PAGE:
For Tobacco-Free Awareness Week, NeedyMeds is taking a look at the costs of a smoking habit. Smoking certainly has a cost on public health, with nearly half a million deaths attributed to tobacco use every year. Smoking causes cancer, heart disease, stroke, lung diseases, diabetes, and chronic obstructive pulmonary disease (COPD), as well as increases risk for tuberculosis, eye disease, and problems with your immune system. Since the Surgeon General started reporting on smoking and its health impacts in 1964, 20 million people have died from smoking-related illnesses, including 2.5 million nonsmokers who were exposed to secondhand smoke. There are also substantial financial costs. On top of the cost of cigarettes, Americans spend nearly $170 billion in health-care costs and more than $156 billion in lost productivity due to smoking-related illnesses or premature death each year.
For someone who smokes a pack a day, one could feasibly spend between $1,600 and $3,600 on cigarettes each year (depending on the state in which one lives/buys cigarettes). WalletHub, a personal finance resource, found that if smokers were to invest the money they usually spend on cigarettes in the stock market they could see a return ranging from $16,000 to $34,500 (annual return calculated using historical average return rate for the S&P 500 minus inflation rate during same time period).
Health-care for smoking-related issues costs an average of $2,100 to $4,700 per year. Previous studies have also found that smoking can lead to loss of income either through absenteeism, workplace bias, or lower productivity. WalletHub estimates that one’s income can be affected by a matter of $3,000 to $6,000 per year. There are other costs associated with smoking, such as higher health insurance premiums or losing a credit on homeowner’s insurance typically granted to nonsmokers.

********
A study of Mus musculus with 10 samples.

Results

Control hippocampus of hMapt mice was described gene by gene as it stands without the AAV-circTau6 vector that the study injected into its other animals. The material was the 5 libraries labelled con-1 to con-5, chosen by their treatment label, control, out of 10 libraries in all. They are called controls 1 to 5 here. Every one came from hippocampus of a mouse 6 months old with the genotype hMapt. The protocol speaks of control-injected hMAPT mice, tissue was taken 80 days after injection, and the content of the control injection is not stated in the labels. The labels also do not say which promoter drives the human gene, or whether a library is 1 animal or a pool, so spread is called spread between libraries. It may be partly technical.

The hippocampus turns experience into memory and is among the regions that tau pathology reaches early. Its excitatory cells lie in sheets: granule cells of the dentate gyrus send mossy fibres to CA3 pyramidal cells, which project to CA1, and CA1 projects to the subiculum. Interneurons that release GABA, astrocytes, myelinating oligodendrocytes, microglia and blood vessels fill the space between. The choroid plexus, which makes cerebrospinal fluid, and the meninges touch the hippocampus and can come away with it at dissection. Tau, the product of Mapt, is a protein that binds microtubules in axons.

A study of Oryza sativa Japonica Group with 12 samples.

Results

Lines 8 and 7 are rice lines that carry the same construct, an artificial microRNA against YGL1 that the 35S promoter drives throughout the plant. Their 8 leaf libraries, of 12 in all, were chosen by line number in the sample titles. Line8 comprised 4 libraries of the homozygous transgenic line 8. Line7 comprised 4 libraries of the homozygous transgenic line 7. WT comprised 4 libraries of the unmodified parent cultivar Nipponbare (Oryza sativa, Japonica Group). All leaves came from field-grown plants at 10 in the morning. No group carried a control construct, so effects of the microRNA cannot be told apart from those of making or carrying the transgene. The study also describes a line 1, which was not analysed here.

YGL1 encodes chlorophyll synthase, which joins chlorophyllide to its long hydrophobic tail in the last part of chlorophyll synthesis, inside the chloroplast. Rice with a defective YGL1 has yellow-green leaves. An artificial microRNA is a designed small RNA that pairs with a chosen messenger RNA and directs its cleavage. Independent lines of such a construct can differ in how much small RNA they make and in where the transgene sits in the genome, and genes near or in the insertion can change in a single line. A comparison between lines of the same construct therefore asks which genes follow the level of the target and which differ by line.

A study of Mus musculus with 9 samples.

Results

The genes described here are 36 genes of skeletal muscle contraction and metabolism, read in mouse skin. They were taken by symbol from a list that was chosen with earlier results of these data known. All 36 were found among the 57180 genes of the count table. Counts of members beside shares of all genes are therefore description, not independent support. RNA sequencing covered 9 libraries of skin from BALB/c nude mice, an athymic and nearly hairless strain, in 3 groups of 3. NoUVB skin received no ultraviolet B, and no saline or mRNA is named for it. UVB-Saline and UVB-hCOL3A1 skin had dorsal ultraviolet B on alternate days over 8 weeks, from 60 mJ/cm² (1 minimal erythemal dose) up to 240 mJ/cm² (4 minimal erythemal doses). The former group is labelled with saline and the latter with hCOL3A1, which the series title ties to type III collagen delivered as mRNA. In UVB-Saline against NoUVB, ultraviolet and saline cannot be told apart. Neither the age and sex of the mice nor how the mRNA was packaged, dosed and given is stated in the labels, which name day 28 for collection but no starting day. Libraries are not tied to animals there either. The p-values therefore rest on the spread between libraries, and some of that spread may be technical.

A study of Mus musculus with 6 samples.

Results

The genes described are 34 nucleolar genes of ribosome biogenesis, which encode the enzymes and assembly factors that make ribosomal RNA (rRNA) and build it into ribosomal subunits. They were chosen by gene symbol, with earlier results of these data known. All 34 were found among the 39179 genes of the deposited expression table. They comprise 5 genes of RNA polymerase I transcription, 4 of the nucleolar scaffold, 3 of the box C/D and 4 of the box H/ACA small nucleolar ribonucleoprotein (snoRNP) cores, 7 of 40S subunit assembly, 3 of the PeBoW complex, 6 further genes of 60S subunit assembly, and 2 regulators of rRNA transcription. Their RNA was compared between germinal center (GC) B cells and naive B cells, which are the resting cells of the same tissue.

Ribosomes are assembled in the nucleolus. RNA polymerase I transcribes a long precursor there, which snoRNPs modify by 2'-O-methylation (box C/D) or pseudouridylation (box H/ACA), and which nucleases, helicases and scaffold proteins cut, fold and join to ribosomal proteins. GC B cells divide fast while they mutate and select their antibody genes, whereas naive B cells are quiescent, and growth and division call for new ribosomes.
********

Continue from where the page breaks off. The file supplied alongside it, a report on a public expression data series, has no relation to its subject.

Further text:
According to a 2014 National Survey, there is an estimated 66.9 million smokers in the US. Tobacco-Free Awareness Week is meant to encourage those who smoke to make the healthy choice and quit. As well as being very damaging to one’s health, the financial cost can reach upwards of $24,000 to $48,000 per year.
For those looking to quit, consult your doctor or call the CDC’s toll-free helpline at 1-800-QUIT-NOW (1-800-784-8669). NeedyMeds has resources for many smoking-related conditions in our Diagnosis-Based Assistance area of our site, including Addiction which may list programs that offer help with quitting as well. For more information on where your state falls for the financial cost of smoking, check WalletHub’s findings.